January 4, 2017

Carter Groome • Chief Executive Officer

The sociology of maximizing EHR performance

As healthcare providers begin to transition from a fee for service approach to a “shared risk” or fee for quality model, hospitals will find ways to adapt or they will cease to exist. Promoting evidence based best practice, efficient knowledge transfer, solid structural support and effective information flow are factors that can positively impact outcome change. However, with so many competing initiatives most organizations are so focused on project completion they often overlook or undervalue one of the largest and lasting outcome influencers, social change.

A major health system CIO recently told me that they have embarked on numerous strategic, optimization, and outcome enhancing initiatives with much ado, energy and executive buy in. Unfortunately the intentions, performance indicators and achievement goals fell flat not long after project leadership and outside subject matter expertise moved on to the next regulatory requirement or EHR deployment.

Knowledge transfer is, or should be, a large part of any EHR project where subject expertise and 3rd party support are common. Optimization, workflow, and value re-engineering engagements provide solid case studies and good examples of where shortcomings can occur. For example, Lean Six Sigma programs can absolutely lead to lower cost and improved quality measures, but lasting improvements and change must involve more personal learning and cultural collaboration as even minor project and change is initiated.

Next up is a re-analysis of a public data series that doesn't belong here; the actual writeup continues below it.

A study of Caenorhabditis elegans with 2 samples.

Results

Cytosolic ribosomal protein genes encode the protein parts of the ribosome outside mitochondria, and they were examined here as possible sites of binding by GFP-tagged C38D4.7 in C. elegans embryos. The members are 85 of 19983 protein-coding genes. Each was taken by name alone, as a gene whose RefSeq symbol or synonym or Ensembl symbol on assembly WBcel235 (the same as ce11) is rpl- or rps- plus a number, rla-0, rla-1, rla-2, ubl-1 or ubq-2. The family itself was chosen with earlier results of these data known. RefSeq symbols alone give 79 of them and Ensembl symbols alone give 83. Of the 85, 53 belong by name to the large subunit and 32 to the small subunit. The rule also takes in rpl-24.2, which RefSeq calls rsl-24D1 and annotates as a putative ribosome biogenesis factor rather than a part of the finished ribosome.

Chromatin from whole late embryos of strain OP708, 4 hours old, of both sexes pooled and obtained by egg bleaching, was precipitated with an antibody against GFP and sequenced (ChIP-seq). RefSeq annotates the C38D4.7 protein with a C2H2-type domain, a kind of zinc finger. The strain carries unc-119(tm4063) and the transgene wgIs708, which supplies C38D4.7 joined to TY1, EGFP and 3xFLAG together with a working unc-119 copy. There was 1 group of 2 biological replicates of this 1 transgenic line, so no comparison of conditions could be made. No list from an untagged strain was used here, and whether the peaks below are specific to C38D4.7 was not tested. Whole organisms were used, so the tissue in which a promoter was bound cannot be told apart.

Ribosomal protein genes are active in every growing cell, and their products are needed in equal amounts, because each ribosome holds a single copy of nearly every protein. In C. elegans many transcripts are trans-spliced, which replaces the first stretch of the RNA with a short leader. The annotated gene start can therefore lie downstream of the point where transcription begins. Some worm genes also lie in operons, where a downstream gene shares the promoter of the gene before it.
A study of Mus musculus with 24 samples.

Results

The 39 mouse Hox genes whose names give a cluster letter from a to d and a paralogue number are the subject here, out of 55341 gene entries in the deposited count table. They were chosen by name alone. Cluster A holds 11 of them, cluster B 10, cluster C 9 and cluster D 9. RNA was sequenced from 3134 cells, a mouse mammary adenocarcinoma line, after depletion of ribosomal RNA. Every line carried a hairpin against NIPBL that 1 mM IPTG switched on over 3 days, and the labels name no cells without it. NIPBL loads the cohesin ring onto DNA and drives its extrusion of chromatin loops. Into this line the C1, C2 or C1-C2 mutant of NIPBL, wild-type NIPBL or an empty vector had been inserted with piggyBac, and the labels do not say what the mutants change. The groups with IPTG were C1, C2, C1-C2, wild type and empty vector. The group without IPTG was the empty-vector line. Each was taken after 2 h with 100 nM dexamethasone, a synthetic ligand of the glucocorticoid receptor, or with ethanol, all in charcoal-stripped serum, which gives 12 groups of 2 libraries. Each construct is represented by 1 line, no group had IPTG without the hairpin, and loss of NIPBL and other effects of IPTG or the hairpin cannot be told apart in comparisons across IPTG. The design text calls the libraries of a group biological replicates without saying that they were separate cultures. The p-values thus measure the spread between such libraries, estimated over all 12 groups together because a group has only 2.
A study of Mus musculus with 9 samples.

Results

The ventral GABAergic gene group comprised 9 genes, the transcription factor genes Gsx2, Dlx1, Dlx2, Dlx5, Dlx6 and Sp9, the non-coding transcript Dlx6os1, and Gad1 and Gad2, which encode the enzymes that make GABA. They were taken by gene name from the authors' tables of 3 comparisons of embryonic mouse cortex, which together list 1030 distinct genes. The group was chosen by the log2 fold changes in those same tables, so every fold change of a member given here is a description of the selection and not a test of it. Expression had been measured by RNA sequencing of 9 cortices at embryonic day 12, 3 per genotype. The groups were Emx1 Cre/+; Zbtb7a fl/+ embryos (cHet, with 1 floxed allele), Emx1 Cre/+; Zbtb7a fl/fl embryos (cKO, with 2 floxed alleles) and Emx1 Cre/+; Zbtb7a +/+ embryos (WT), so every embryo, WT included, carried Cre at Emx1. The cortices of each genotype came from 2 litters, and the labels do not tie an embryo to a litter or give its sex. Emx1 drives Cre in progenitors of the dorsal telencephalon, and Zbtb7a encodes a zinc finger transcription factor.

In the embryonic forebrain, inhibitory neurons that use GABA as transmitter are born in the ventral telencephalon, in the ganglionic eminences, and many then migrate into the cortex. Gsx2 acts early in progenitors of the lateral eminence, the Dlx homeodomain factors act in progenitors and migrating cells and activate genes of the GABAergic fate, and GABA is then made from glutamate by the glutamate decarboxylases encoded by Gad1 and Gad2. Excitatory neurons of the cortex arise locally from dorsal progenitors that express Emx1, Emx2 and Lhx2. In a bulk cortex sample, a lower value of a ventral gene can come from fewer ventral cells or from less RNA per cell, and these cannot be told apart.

I refer to many of our engagements that address EHR optimization as “Dynamic Maximization” initiatives. As an advisor to our healthcare clients, we must enter all engagements with a strong understanding that the socio-cultural influencers are a major factor in project outcomes. That “Dynamic” part of healthcare is what really differentiates an organization and leaves their patients (or clients) more satisfied as a result. Our idea of “Maximization” occurs when those organizations meet key indicators of structural, human workflow, information flow, and in-house personnel optimization. In the early stages of fee for quality, such outcome improvements can and should be addressed in smaller, more controlled initiatives where cultural change does not overwhelm and the opportunity to succeed is greater.

I’ll discuss social change approaches and examples during EHR optimization in my next post.